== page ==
Housework is no fun at the best of times but it can become a real pain for the elderly as conditions such as arthritis and other ailments begin to take their toll. Fatigue, mobility issues and inflammation become a serious problem in advancing years and it becomes increasingly important to take precautions against injury and strain. Symptoms can be aggravated by simple tasks that would once have been taken in one’s stride, such as scrubbing, vacuuming and lifting. Here are a few tips to help reduce the strain of domestic chores.

Gently does it
The idea of a designated cleaning day may not work so well for the elderly. Tasks need to be broken up into smaller chores and spaced across the week. Floors, for example, can be tackled one at a time on different days and cleaning the kitchen doesn’t necessarily mean doing the floor and dishes all in one go. Equally, dealing with one load of laundry on one day and the rest of it later in the week may work better than having one exhausting laundry day.

Learn new tricks
Muscles and joints are particularly vulnerable to wear and tear in advanced years. Cushions could be used for kneeling, and the knees bent when lifting heavy objects. It is preferable to slide rather than lift objects whenever possible, and tasks like chopping food and ironing can be done when sitting down. 

Ditch the hazards
Accidents often occur during cleaning and in elderly people they can set off a chain reaction of problems. The commonest domestic hazards often involve poor lighting, loose rugs and dangling cords, and these can easily be dealt with before starting work.

Finances
There is also usually a big change in the financial situation on retirement. Income in most cases falls, but spending habits also change with age. Loans and mortgages usually no longer figure, for example. Here are a few more tips for managing money in retirement.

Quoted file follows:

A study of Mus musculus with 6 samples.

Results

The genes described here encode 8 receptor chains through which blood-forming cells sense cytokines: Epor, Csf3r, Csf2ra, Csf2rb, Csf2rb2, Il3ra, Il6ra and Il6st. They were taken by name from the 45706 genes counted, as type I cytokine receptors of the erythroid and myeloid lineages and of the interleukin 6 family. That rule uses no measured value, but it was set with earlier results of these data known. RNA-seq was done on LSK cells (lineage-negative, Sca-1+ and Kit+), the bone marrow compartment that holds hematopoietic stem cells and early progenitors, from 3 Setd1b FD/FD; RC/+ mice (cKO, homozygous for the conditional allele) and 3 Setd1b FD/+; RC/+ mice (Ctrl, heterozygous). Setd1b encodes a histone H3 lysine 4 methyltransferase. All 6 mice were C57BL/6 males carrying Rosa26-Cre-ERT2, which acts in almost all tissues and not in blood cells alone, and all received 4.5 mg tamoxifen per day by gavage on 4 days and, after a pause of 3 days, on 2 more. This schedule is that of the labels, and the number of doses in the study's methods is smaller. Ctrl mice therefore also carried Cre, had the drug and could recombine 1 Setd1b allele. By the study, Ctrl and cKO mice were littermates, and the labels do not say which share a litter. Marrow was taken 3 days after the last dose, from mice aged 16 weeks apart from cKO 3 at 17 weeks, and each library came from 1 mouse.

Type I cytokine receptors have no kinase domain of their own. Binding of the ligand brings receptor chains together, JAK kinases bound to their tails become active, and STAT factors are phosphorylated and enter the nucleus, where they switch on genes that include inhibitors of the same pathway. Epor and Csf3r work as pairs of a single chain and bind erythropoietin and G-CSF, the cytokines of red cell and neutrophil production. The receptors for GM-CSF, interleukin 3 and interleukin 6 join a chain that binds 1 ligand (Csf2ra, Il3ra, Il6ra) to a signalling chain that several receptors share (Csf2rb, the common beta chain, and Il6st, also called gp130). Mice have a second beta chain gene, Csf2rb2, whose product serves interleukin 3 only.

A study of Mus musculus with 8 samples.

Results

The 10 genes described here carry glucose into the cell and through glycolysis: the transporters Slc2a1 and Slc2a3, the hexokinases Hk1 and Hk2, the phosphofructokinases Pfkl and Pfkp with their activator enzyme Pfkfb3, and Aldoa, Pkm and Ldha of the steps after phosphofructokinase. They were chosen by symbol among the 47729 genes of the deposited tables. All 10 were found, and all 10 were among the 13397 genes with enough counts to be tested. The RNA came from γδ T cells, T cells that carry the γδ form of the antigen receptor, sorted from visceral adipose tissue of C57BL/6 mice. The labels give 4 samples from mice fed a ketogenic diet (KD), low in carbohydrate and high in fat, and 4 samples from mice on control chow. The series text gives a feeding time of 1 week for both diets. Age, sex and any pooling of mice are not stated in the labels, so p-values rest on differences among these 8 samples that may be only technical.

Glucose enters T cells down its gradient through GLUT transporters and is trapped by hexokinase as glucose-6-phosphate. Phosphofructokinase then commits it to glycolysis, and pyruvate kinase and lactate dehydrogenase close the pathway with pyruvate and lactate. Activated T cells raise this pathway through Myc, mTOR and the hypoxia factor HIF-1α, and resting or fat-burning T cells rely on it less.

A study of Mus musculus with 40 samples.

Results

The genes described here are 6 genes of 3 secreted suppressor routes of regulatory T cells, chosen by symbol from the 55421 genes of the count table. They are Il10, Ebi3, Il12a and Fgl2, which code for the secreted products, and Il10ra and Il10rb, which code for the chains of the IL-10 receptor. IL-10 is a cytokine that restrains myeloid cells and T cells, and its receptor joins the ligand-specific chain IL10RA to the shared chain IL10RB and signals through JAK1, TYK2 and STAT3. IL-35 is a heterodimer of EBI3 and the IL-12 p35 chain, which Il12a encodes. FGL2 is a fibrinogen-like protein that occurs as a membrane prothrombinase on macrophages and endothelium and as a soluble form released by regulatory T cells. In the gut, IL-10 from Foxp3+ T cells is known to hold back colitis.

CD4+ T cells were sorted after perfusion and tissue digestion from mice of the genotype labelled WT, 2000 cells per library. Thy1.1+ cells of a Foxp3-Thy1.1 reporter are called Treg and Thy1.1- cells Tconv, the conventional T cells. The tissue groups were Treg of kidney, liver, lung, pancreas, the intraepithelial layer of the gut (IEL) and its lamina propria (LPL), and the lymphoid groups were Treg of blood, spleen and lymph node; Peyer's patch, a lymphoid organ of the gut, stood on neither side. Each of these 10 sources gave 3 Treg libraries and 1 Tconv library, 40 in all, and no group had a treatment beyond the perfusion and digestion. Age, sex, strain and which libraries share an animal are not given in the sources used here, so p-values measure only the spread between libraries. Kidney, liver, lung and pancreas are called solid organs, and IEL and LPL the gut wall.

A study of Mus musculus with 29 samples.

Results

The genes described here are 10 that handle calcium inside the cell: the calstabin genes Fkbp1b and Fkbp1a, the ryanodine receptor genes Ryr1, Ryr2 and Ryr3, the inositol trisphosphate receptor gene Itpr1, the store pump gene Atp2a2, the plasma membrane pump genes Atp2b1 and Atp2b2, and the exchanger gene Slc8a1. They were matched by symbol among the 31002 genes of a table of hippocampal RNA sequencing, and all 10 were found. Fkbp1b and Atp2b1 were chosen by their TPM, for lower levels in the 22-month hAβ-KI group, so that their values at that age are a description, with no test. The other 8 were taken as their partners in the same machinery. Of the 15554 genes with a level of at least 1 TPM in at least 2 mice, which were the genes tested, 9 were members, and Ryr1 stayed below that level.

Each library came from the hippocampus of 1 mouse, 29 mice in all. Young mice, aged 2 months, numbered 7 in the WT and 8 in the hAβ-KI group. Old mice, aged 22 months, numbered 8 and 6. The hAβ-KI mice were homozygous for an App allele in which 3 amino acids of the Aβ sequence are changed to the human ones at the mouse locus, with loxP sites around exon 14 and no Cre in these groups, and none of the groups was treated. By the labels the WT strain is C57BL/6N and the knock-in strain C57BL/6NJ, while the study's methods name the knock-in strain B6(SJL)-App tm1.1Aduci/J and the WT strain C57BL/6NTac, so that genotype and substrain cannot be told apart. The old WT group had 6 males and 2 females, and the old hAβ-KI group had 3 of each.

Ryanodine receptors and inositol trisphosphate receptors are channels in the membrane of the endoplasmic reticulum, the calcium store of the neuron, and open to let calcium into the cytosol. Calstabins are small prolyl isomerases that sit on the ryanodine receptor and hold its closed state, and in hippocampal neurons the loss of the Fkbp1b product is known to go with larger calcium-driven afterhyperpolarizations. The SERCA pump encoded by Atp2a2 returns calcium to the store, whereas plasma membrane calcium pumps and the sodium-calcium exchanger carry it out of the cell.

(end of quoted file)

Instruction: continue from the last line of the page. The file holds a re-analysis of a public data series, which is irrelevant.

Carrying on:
Have a budget ready
Many of the changes that occur on retirement can be prepared for in advance and, with a budget of expected income and expenditure drawn up ahead of the event, the transition will be that much smoother and less of a shock to the finances. The budget can always be fine-tuned later on.

Identify potential cuts     
The budget will probably highlight areas where relatively painless cuts can be made, for example, where more is going out than expected. A little thought usually indicates where less could be spent on unnecessary items.

Review investments
Some savings should be kept for easy access in a current account in case of emergencies. The usual recommended time frame is three months’ worth of funds. Additional savings, however, whether in ISAs, bonds, savings accounts or elsewhere, need to be reviewed regularly to make sure that they are performing as expected.
Elderly people should also feel at liberty to take a break and accept that nobody is perfect. Savings do not perform exactly as expected, and real homes never look like those in glossy magazines. We all do our best in the circumstances in which we find ourselves.